A long-distance relationship reminds me of my meditation practice.
In the beginning, my partner and I would communicate with each other during random hours. But on some days, we felt frustrated and distracted because of different schedules and the huge difference in time zones. What then worked was finding a suitable hour in our schedule where we could meaningfully connect.
I related this to my initial days of meditation practice. When I meditated randomly anytime during the day, I found myself swimming against the tide. Over time, I started to realise the benefits of meditating at a fixed time. I could then carry the condition I received for the entire day.
This hour of connection, whether it was with my heart or my partner, was no less than magic. It was the two of us in that moment. For the other moments, there was constant remembrance.
I allowed myself to be flexible. Postponing a call did not mean we didn’t connect at all that day. It was a lovely reminder to me for whenever I overslept and missed my morning meditation, that did not mean I couldn’t meditate anytime later! I also noticed how I started to feel restless when the hour to connect came closer.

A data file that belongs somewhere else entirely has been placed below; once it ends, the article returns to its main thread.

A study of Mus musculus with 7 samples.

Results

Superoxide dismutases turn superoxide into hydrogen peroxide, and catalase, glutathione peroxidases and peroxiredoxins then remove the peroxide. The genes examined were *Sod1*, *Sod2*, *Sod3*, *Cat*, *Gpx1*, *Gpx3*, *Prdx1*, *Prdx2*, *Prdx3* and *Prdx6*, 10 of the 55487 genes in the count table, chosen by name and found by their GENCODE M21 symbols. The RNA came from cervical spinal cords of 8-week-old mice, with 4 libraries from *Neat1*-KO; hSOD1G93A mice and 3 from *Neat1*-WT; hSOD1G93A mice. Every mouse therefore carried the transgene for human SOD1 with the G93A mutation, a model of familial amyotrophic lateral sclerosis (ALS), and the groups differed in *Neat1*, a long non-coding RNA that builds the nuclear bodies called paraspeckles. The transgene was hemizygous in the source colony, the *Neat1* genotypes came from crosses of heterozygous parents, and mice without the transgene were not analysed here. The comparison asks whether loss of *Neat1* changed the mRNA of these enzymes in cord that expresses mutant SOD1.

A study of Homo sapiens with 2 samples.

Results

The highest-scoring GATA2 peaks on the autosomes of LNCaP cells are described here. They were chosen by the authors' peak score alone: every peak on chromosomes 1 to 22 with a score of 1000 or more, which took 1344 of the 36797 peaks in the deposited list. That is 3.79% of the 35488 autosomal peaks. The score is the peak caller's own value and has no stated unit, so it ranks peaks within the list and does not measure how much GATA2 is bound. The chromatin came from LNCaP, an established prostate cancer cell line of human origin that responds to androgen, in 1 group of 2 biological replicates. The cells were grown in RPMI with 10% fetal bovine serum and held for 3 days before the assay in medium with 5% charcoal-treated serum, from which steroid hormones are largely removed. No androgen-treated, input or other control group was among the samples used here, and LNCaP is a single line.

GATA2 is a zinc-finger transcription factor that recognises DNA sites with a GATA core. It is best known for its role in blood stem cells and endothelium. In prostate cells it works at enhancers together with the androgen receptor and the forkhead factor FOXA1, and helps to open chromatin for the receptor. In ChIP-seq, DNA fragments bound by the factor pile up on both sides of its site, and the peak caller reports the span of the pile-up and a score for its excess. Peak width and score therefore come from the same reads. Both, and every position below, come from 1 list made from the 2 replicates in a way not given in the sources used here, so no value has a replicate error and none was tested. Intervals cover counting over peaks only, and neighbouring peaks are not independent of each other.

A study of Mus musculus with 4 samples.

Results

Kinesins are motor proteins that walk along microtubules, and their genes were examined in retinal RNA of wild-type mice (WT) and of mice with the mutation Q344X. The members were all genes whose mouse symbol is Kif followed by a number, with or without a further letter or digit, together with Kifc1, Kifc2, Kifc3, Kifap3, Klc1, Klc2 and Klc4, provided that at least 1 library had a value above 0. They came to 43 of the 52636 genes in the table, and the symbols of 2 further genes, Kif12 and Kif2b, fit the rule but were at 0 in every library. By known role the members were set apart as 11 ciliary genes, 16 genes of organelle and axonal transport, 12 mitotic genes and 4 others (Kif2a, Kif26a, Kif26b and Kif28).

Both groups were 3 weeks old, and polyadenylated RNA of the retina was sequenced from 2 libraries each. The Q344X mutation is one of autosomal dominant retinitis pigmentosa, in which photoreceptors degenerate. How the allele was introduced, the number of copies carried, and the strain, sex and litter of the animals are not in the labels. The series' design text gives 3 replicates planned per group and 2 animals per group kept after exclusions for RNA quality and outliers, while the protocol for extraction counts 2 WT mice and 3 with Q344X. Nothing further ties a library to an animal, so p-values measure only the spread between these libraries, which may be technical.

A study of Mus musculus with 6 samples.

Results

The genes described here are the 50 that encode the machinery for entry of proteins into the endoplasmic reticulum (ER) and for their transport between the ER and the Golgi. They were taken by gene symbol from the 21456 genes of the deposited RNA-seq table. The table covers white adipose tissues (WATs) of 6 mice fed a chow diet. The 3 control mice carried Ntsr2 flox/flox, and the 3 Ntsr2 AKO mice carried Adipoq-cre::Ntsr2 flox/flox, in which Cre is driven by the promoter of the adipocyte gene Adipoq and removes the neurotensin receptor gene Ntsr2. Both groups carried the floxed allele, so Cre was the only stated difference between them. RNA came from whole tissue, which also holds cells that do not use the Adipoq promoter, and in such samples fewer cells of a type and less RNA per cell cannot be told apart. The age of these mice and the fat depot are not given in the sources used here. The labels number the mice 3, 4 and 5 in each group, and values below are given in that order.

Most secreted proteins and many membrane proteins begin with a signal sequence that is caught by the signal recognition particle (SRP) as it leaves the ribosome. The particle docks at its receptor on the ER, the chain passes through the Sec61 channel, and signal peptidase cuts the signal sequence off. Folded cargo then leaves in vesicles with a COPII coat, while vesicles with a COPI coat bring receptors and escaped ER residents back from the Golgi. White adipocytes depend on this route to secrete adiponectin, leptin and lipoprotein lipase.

What followed in this hour of connection were all sorts of different experiences – be it my meditation practice or spending time with my partner –
Type 1: It is a fulfilling experience with not a single dull moment. I am deeply absorbed, and I don’t even notice an hour has passed by!
Type 2: I start slowly, and steadily, where I struggle to connect in the first few minutes. But then, there is a moment of surrender and the connection happens naturally. I feel lighter and finally, some momentum.
Type 3: Nothing. Just frustrating small talk. Small thoughts. Uninvited. But I want to stick through it! After all, this is important to me, even if it feels like I’ve achieved nothing. At the end of it, I still feel restless but keep hope that perhaps tomorrow, will bring a new experience.
Type 4: Whenever there is lack of time, I want to pack up everything in that short period! And at the end of it, I keep wondering, did I even connect?
Type 5: I take help. I find new ways to keep the connection exciting. To keep it growing.
On some days, there is a constant chatter in the mind – What is the point of this? Is this all a dream? Am I the only one feeling this? Do others feel this too? Am I doing it right? Is there a right way?
To ease this, I go back to my feeling. What did the connection feel like? Just going back to the feeling, my heart does some crazy summersaults. And it is in that state of feeling, I find moments of Reality.
Some days, it feels like a chore. I reason with myself – I can connect some other time. This isn’t going anywhere. I have plenty of time, a lifetime to connect. I have other important things to do, to achieve. I am busy. I have time constraints. But it is in these moments that I tend to forget, that there is someone on the other side patiently and lovingly waiting for me to connect. The intention of connection matters.
I relate to this quote of Chariji, one of the spiritual guides of Heartfulness –
“Each meditation is a love story.”
The distance increases the fondness of the heart. For it is in the pain of distance that you strive to come close. We strive to come together. We strive to become one. We become Love.